WASHINGTON — Barclays Capital Inc. wants to patent a computer system that would generate several municipal bond indexes, but a recent Supreme Court ruling could have an impact on the application's viability.

The U.S. Patent and Trademark Office published the application last month. It was originally submitted in November 2008.

Barclays hopes to patent a bond index system that is computer generated, based on several criteria such as deal size, maturity length, and bond rating. The muni indexes could then be used as the basis for swap transactions, similar to The Bond Buyer indexes or the Securities Industry and Financial Markets Association Municipal Swap Index.

Although a recent Supreme Court ruling confirmed that abstract ideas cannot be patented, Barclays is confident its application will survive the lengthy application process.

"We wouldn't have filed it if we thought it was an abstract idea," said Charles Kwalwasser, intellectual property counsel for Barclays.

However, the patent office is not expected to issue a final decision on the application for several years, he added.

"It's kind of a moving target right now," he said. "The patent office is making an effort to speed up the process, and that's not something they're going to be able to do overnight."

Under Barclay's proposal, a computer system would apply a series of criteria to the municipal bond market to construct an index.

"They would feed into a computer some parameters for the bonds to put into the index … and let the computer pick out all of the bonds and let the computer follow the pricing on it," said John Swendseid, a member of Sherman & Howard in Reno, Nev., who has written about patents in the muni bond area.

The patent proponents argued in the application that while structured products and derivatives have grown in recent years in the municipal bond sector, investors still lack confidence "in a high-grade cash market reference curve," which has discouraged additional participation in the muni derivatives market.

The proposed index would address that need, and would provide access to the muni market without the need for security specific analysis, according to the application.

The application includes several requirements an issue would have to meet to be included in the index.

For example, for a five-year general obligation index, it would require bonds to be rated double-A or better, have a deal size of over $75 million, and a fixed coupon rate. An intermediate index would require insured bonds to have an underlying rating of at least single-A, and would exclude housing, hospital, airline and tobacco bonds.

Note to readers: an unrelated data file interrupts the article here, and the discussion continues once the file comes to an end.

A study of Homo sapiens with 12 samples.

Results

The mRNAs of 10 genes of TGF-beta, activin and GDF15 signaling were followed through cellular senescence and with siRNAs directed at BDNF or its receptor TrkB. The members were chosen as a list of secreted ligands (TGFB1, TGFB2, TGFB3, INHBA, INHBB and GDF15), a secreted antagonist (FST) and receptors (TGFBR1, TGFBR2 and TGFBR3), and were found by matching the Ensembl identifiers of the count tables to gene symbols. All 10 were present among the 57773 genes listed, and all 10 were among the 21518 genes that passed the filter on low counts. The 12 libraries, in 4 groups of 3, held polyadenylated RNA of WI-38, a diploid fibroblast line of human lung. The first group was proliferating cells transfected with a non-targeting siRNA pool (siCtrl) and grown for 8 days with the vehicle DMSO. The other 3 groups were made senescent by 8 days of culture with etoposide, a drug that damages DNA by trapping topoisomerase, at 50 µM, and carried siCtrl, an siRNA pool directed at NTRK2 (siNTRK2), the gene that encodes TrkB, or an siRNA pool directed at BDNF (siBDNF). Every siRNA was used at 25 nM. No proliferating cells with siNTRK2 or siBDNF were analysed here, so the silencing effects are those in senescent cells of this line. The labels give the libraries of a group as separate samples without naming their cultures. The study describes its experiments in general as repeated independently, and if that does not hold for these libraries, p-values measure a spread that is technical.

While the application is just beginning the lengthy patent application process, the recent Supreme Court decision could play a role in its fate. The high court closed out this year's session in June by issuing a ruling in Bilski v. Kappos. In the case, justices ruled that a proposal to use mathematical formulas to tell a business how to hedge against price fluctuations in the raw materials market constituted an abstract idea and was not eligible for a patent.

It also affirmed the use of the "machine or transformation" test for patent validity, but reined in a decision by the U.S. Court of Appeals for the Federal Circuit that said every patentable idea must pass the test. Instead, the Supreme Court recognized the value of the test in its opinion, but stopped short of calling it the exclusive way to determine patentability.

That test states that an idea is patentable if it is implemented with a specific machine devised to carry out the idea and is not trivial or conventional, or if it transforms an article from one form to another.

The patent office responded to the ruling by issuing new interim guidance in July outlining how it would now determine whether an idea is eligible for patenting. It states that the use of a machine is a factor suggesting eligibility, but only so long as the machine is not "nominally, insignificantly, or tangentially related" to the overall process.

"Unlike the Bilski patent, [Barclays's] patent application involves use of computer. It is not a 'naked' abstract idea," said Ellen Aprill, a law professor at Loyola Law School in Los Angeles who specializes in tax patents. "The question will be whether the patent examiner thinks the use of the computer is central to the invention or simply data collection."

Morgan Lewis & Bockius LLP, which is representing Barclays in the patent process, declined to comment for this story.